EASTPORT, Maine — Volunteers at Eastport’s Labor of Love Food Pantry noticed a trend last year — some of the food they were handing out was being returned, uneaten.
“People were telling us that they had no idea how to cook it,” Brenda Barker said. “So many people have no experience with unprepared food — only food that comes frozen or in a box. The senior citizens we serve use everything, but the younger people really have no cooking experience. We are three generations out from those who knew how to cook real food.”
Hand most clients a squash straight from the field and you get a blank look, she said. A bag of dried fruit? A jar of artichoke hearts?
“So many people don’t know how to take a few basic ingredients and combine them into a healthy, delicious meal,” Barker said. Many clients also don’t know that even some boxed foods, such as dry cereal, can be the base for homemade breakfast bars or muffins.
Barker said that people below age 38 never have taken home economics — those programs were cut decades ago in nearly all high schools — and most of their moms worked outside the home, prompting the use of many convenience foods and raising the overall obesity rate.
So it wasn’t much of a stretch to decide to begin teaching clients about food preparation and nutrition.
Barker, who is now manager of the Labor of Love Nutrition Center, designed a state-of-the-art commercial kitchen, which was constructed and equipped inside the pantry facility with teaching in mind. It includes two wall ovens, a gas stove top, stainless steel island with mirrors for participants to watch the food being prepared, and commercial-grade counter appliances such as mixers and food processors.
“We are hoping this will not only take hold as a teaching kitchen, but will help rebuild some families and become the first line of defense in promoting healthy eating,” Barker said. “We just know that the surrounding community will embrace this.”
During an open house at the new kitchen last week, Marie Emerson, a culinary instructor of 30 years, was sauteing finely chopped onions, peppers and tomatoes, filling the teaching kitchen with enticing aromas. She was making crostini, a healthful appetizer, and pointed to a store-bought baguette.“A loaf of bread in the store can cost $3,” Emerson said. “But a pound of flour to make that bread costs 50 cents. In these hard economic times, education about good, raw food and how to use it is imperative. You can make some pretty elegant food with just a few key ingredients.”
Using the food pantry to educate and teach seemed a natural fit, said Colin Windhorst of the Greater Eastport Ecumenical Churches Association, which operates the pantry. Windhorst said it took seven years to raise the money and construct the food pantry, which was established in 1995.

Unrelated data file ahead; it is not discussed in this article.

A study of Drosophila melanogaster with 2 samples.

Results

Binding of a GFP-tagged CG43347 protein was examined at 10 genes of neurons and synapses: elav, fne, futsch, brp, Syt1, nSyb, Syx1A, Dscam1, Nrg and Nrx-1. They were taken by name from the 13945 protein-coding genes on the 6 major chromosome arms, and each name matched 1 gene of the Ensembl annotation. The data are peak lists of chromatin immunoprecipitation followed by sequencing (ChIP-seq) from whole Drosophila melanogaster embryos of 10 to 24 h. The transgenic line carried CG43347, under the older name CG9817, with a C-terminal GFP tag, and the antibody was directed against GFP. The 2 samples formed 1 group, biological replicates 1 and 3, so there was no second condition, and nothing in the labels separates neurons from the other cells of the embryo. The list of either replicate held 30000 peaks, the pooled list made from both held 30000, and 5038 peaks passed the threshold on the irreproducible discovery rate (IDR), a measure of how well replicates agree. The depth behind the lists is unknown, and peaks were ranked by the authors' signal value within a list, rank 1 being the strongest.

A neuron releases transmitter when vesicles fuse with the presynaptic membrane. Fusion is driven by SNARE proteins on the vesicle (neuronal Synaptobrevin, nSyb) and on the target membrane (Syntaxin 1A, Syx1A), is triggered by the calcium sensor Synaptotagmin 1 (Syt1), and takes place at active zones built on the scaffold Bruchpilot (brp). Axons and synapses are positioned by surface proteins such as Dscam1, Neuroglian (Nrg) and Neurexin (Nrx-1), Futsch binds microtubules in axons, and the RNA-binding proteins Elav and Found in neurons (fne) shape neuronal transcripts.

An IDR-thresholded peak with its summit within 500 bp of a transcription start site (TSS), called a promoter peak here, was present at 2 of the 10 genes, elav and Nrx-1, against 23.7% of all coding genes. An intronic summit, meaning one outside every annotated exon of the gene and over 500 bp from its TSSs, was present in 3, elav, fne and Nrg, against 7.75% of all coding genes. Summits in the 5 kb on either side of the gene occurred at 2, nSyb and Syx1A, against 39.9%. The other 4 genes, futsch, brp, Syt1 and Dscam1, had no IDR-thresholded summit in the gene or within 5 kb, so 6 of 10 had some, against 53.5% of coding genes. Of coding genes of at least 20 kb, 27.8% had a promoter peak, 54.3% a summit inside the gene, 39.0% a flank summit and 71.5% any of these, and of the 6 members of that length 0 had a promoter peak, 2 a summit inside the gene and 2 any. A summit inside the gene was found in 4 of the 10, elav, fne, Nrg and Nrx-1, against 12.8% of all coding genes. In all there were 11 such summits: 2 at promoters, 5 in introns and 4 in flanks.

“Over the years, we had been in church basements, in the town hall, even in the Police Department. We wore out our welcome wherever it was,” he said.
Establishing the Labor of Love Pantry was, well, a labor of love, he said, as well as a huge leap of faith.
“We bought the property, cleared the land, put in a septic system and a foundation,” he said of the pantry’s location on Route 190 in Eastport.
A group of 70 to 80 youth from All Souls Congregational Church in Bangor arrived in the summer of 2006 and framed the building. Finish work continued over the next few years, and the new kitchen was added in late 2010.
“We built this with $100,000 in nickels and dimes,” he said. “It was and continues to be a groundswell of support.”
As successful as the food pantry is, Windhorst said the coalition of churches needed a larger mission. “We wanted to be more appealing and socially useful to people,” he said. “The teaching kitchen is a natural fit.”
Barker said the first class will be a 20-week program offered in conjunction with the University of Maine called The Mom’s Project — for makers of meals for children ages 2 to 12. No date has been set for the start of classes.
“We will start with the safe handling and storage of food, move on to spice blends and then right into cooking and meal planning,” Barker said.
At the teaching kitchen, international cooking, bread making and soup making classes as well as canning and preserving classes will be offered this summer and fall. Barker is seeking state certification of the kitchen so it can be used privately by bakers, jam and jelly makers and others.
“The fees we can charge [for classes and private uses] will help offset the pantry’s expenses,” she said.
Barker also is looking for volunteer cooks to share their expertise. She is seeking someone to teach a food smoking and preserving class, and is looking for local fishermen to mentor a group of children in teaching them how to fish and how to clean their catch. She also is encouraging area farmers and gardeners to grow an extra row of food for the pantry.
“Food is such a common ground,” Barker said. “The nutrition center will serve so many purposes: social, nutritional, educational.”
For information about classes or the nutrition center, contact Barker at 733-4555, or the Labor of Love Food Pantry at 853-0812.